This week’s summary of various cryptocurrency news and developments.
G20 calls for cryptocurrency regulation suggestions by July, puts off crackdown
During this year’s G20 summit in Buenos Aires, Argentina, the world’s economic leaders revealed that they prefer to refer to cryptocurrencies as “crypto-assets,” and implied a crackdown on cryptocurrencies is out of the picture, although cryptos could have financial stability implications. The G20 communique, according to CCN, reads:
- “Crypto-assets lack the key attributes of sovereign currencies. At some point they could have financial stability implications. We commit to implement the FATF [Financial Action Task Force] standards as they apply to crypto-assets, look forward to the FATF review of those standards, and call on the FATF to advance global implementation. We call on international standard-setting bodies (SSBs) to continue their monitoring of crypto-assets and their risks, according to their mandates, and assess multilateral responses as needed.”
The document revealed that cryptocurrency regulation suggestions are coming in July 2018, although some nations revealed they’ll regulate the space earlier than that.
Snowden papers show the NSA has been tracking Bitcoin users
According to The Intercept, documents from National Security Agency (NSA) whistleblower Edward Snowden show that the agency has been monitoring the Bitcoin blockchain, and made an effort to “track down senders and receivers of Bitcoin,” as one of the agency’s top priorities was to undermine the pseudonymity of the cryptocurrency’s users. So much so, that it analyzed global internet traffic and scrapped software to do so.
The NSA’s mission, dubbed Oakstar, seemingly didn’t just target Bitcoin users in general, as it was described as “looking at organized crime and cyber targets that utilize online e-currency services to move and launder money. These illicit finance networks provide user access to international monetary systems while providing a high degree of anonymity.”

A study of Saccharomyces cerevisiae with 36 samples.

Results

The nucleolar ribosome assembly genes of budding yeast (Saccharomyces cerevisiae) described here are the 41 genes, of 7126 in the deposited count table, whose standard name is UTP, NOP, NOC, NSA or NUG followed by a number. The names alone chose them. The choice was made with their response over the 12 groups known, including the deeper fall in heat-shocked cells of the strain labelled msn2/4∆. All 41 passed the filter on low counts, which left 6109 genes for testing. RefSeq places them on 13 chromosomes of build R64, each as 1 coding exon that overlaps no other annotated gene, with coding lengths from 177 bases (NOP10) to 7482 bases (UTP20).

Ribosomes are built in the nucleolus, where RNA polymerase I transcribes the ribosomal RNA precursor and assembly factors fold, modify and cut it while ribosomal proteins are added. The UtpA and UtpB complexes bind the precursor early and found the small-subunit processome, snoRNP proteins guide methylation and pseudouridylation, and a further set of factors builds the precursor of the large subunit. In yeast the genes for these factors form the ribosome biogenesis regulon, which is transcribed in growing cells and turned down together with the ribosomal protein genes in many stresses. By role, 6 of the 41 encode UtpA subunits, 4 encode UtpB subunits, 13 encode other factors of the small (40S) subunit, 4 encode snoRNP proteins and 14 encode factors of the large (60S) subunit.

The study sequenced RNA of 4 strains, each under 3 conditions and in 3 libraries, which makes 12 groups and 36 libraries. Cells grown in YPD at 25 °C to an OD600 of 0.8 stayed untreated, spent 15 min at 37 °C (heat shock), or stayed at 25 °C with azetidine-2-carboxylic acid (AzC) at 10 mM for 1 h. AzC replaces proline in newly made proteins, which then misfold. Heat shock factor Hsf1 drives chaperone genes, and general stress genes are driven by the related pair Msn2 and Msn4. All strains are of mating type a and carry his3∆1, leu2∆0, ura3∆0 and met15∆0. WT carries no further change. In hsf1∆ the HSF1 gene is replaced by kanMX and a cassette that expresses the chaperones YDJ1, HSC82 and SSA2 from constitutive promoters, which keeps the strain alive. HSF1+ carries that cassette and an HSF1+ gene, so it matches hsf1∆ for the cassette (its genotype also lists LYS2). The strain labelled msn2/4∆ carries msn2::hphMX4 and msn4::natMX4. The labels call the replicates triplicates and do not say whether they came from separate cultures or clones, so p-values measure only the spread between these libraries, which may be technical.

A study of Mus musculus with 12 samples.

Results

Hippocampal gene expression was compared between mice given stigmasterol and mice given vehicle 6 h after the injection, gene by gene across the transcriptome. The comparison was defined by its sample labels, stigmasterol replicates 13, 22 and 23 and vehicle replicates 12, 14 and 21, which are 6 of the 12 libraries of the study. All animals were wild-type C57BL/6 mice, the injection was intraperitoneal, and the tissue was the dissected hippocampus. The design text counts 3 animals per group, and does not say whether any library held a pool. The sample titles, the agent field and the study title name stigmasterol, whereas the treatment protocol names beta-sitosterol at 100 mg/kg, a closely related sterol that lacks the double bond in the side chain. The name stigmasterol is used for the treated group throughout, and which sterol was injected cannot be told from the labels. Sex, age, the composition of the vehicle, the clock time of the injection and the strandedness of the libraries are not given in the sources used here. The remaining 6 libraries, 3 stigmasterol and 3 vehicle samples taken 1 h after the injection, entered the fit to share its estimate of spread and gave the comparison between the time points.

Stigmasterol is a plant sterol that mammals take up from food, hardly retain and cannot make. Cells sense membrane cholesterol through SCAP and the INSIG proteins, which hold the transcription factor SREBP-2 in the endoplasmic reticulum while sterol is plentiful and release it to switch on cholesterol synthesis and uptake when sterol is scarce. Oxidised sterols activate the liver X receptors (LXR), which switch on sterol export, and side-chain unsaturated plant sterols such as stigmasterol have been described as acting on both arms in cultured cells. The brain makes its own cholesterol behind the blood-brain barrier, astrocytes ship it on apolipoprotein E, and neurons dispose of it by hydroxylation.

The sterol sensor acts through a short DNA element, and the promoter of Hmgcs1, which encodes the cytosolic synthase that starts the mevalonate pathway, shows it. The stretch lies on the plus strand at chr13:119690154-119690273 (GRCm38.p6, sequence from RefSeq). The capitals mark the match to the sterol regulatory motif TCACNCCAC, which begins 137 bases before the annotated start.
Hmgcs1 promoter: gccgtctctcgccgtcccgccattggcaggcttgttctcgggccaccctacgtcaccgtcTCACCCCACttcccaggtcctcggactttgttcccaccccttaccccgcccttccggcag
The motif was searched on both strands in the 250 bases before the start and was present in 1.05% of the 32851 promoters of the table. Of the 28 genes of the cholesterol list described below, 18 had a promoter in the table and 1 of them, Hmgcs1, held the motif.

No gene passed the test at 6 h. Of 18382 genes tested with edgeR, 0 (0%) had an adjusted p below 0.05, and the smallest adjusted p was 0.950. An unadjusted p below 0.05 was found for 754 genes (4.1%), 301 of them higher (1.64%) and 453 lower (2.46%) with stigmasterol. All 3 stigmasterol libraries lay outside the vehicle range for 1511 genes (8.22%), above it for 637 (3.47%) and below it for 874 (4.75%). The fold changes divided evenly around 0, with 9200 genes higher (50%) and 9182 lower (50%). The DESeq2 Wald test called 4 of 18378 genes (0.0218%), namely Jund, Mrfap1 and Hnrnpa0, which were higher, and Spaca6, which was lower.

The agency reportedly used a tool dubbed MONKEYROCKET, described as a “non-Western internet anonymization service,” to track down Bitcoin users. It pretended to be a VPN-like tool, that in fact siphoned data to the NSA.
Social media giant Snapchat bans ICO ads
According to Cheddar, social media giant Snapchat recently banned initial coin offering (ICO) ads, a policy that the company has reportedly been quietly implementing since February. Reports suggest the company will still allow other cryptocurrency-related ads, unlike other platforms like Facebook and Google, who revealed they were banning all cryptocurrency-related ads.
Twitter to ban cryptocurrency, ICO-related ads in two weeks
While Snapchat is seemingly just banning ICO ads, microblogging platform Twitter is reportedly planning to ban all cryptocurrency-related ads, according to a report published by Sky News. The move will also ban ads from legitimate cryptocurrency businesses, and could be enforced in two weeks. The ban may be part of the microblogging platform’s response to scammers impersonating popular Twitter users to trick them into sending them cryptocurrencies. When confronted with the scammer situation, the company’s CEO Jack Dorsey claimed they were “on it.”
US President Donald Trump bans US citizens from purchasing Venezuela’s Petro
In what can be seen as the first crypto-related executive action taken by a US president, Donald Trump issued an executive order banning US citizens and residents from purchasing Venezuela’s oil-backed cryptocurrency, the Petro (PTR). The White House revealed that the move is made “in light of recent actions taken by the Maduro regime to attempt to circumvent US sanctions by issuing a digital currency.”
The executive order reads:
- “All transactions related to, provision of financing for, and other dealings in, by a United States person or within the United States, any digital currency, digital coin, or digital token, that was issued by, for, or on behalf of the Government of Venezuela on or after January 9, 2018, are prohibited as of the effective date of this order.
Japanese cryptocurrency users lost $6 million to hacks last year, report claims
According to a report published by Japanese news source Nikkei, the country’s National Police Agency (NPA) released statistics tracking cryptocurrency thefts. The data reportedly shows that at least 149 hacking incidents merged last year, and 16 cryptocurrency exchanges were affected. A total of 85 BTC, along with various altcoins, were stolen among the various thefts.
A total of $6 million were stolen from Japanese cryptocurrency users. Out of all the theft cases, a total of 122 didn’t incorporate extra levels of security such as two-factor authentication (2FA).
Bitcoin at $8,890 as cryptocurrency market turns green
This week, the cryptocurrency ecosystem seemingly started to recover from its months-long bear market as the world’s economic leaders revealed, during the G20 summit, that they weren’t going to crackdown on cryptocurrencies, but would instead seek to regulate them. While the bullish movement was short, the market is once again seemingly recovering, as Bitcoin, the flagship cryptocurrency, is currently up by 5.28 percent. One Bitcoin is currently trading at $8,890, and its market cap is of $150 billion.